Good Question: What Are Blisters?
MINNEAPOLIS (WCCO) — They’re a nuisance, they’re uncomfortable and they seem to pop up this time of year.
Whether you are running, gardening or golfing, chances are good you’ll get a blister at some point.
Lisa Haralson of Litchfield and her niece acquired some nasty blister bubbles while gardening this past weekend. A couple have already popped.
“I didn’t understand how the rubbing of the hands on a piece of plastic or wood would be able to blister and why,” Haralson said.
Dr. Debra Scherman is with Fairview Clinics and she specializes in skin care. She says for some people, blisters are a rite of spring.
“What’s happened is that you’ve taken a part of the skin that wasn’t conditioned, didn’t have a callous or anything, you did a new activity and really traumatized it,” Scherman said.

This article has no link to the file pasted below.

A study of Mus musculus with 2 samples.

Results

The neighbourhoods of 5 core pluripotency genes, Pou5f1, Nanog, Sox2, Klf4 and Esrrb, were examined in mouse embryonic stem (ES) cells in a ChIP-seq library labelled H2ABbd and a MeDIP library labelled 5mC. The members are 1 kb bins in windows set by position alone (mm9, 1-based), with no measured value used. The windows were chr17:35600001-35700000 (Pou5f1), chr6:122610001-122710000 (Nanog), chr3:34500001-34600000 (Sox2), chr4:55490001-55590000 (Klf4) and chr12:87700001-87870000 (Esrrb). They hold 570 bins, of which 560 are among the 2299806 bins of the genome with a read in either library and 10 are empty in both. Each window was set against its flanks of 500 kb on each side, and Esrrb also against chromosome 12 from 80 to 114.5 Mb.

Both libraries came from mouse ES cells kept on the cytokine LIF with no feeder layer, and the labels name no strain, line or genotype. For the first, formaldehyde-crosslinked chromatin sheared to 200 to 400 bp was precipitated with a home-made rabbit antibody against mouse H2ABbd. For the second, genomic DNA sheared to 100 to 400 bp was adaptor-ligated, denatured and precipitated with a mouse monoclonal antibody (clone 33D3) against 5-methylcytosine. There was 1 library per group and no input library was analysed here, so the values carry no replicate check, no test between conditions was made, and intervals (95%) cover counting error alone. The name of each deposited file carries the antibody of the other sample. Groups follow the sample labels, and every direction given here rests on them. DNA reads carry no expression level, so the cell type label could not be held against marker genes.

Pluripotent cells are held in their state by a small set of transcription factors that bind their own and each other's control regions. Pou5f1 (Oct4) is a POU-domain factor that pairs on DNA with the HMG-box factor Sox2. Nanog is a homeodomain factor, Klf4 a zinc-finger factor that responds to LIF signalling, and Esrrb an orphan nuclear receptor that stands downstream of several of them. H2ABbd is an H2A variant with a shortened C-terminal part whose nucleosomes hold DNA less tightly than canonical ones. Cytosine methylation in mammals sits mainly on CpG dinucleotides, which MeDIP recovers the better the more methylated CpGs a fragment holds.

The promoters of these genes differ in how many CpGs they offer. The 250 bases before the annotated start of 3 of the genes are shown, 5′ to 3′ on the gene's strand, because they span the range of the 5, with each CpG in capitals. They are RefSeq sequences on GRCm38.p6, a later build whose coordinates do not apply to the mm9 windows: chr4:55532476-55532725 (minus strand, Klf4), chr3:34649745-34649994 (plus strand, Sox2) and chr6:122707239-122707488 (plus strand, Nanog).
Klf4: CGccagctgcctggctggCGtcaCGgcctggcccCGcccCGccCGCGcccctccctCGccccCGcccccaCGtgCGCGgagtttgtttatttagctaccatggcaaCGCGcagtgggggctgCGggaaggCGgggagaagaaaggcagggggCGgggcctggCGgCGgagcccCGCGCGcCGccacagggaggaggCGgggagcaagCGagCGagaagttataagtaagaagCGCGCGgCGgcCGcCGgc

She says it’s the top layer of your skin that’s rising and filling with fluid. It’s actually a safety net for the new skin underneath.
“One little layer of that skin layer elevates and forms a fluid that creates a cushion to protect it,” she said.
And if you’ve ever wondered if it’s OK to pop a blister, the answer is “yes,” as long as it isn’t too painful and you don’t have a serious medical condition.
“Then I would just take a needle from the edge of the blister and pop it, OK. But leave it intact, don’t take off the loose skin because that’s going to protect that new skin underneath,” Scherman said.
That goes for your hands and feet. Dr. Scherman says within a couple days, your friction blister will heal.
Mole skin is also something that can be used to cover your popped blister.
Dr. Scherman recommends cleaning a popped blister with soap and water, not other chemicals. They would irritate the skin while it’s trying to heal.